AMEA to dedicate solar panels in Lanett Tuesday
LANETT — The Alabama Municipal Electric Authority, along with the City of Lanett, will dedicate a new 50-KW solar research project next Tuesday morning along Highway 29.
The Lanett Solar Research Project, located at 119 S. Gilmer Avenue, will host a dedication ceremony at 10 a.m. on Tuesday, Dec. 10.
“We are proud of the new solar research project in Lanett as part of our effort to enhance renewable energy in our portfolio,” said Fred Clark, AMEA President & CEO. “We want to thank the City of Lanett and the Chambers County Development Authority (CCDA) for its leadership and partnership in this endeavor.”
According to a news release from AMEA, the electric provider partnered with the city and the CCDA on the purchase of the 27-acre Lanett mill site. Recent additions to that site have been the solar project as well as the Tractor Supply Company, which has been rapidly constructed.
According to Lanett Mayor Kyle McCoy in October, AMEA is leasing the three-quarters of an acre from the city and there are 164 panels. He also said there could be more amenities added to the sites in the future.
“Hopefully, within the next couple of years, we will have electric car charging stations at these research stations,” McCoy said. “AMEA is looking at doing this in their member cities. The technology and the demand are getting there. We need to learn to enhance it. This is going to be the future.”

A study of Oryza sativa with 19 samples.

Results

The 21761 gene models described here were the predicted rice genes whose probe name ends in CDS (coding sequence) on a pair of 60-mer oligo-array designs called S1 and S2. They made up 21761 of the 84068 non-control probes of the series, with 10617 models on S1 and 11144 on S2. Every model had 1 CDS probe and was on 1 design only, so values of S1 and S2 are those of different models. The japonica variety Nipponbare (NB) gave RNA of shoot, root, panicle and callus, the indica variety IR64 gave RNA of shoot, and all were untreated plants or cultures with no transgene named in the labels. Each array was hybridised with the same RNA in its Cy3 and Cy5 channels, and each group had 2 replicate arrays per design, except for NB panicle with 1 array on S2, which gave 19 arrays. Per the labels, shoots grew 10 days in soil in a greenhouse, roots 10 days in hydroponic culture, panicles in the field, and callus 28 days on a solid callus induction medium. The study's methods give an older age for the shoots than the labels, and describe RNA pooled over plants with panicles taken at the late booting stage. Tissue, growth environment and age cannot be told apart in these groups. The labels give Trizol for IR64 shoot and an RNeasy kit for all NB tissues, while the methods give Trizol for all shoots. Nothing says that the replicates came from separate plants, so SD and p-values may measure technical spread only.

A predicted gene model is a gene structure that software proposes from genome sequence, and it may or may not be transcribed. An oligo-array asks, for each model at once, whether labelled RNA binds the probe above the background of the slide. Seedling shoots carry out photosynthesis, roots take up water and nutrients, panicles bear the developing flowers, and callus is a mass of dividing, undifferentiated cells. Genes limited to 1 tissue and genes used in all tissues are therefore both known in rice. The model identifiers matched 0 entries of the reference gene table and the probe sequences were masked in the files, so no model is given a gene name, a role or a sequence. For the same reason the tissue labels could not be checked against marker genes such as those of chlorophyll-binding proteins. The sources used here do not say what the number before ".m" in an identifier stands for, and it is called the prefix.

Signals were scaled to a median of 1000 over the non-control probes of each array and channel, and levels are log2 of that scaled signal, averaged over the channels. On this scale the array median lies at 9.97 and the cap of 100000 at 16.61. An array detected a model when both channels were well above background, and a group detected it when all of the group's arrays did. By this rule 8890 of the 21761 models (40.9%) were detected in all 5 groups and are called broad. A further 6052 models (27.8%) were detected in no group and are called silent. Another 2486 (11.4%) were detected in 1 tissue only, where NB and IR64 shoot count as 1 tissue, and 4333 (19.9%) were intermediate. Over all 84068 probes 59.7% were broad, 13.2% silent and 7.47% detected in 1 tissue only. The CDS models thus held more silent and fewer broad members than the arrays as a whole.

AMEA said the Greater Valley Area Chamber of Commerce would also be part of the dedication. A similar project was completed in April 2018 in LaFayette.
The AMEA Board of Directors approved a $1 million investment to construct one solar research project in each member city for a total of 11 projects, Clark added. AMEA has dedicated similar-size solar research projects in Alexander City, Dothan, Foley, LaFayette, Luverne, Opelika, Sylacauga and Tuskegee.
Frequent questions that arise from a solar project are if the solar panels will have an impact on residents’ electric bills. According to the AMEA, that answer is no.
“The construction of this solar project and the other solar projects planned in AMEA communities is meant as a fact-finding effort to better understand all aspects of solar generation,” the news release from AMEA said. “AMEA’s solar projects will be blended with its other resources, and through this initiative and others, AMEA will strive to keep its electric rates among the lowest in Alabama.”
While there may not be any benefit from a cost-saving measure, the panels are completely safe in the community. AMEA says a solar project is about as safe as a facility can be. There are no air emissions from the facility, and there are no chemicals.
“No trucks will be coming and going on a daily basis once construction is complete,” the news release said. “The power will leave the solar project on lines just like the power lines in your neighborhood.”
The rain date for the dedication will be 10 a.m. Wednesday at the same location.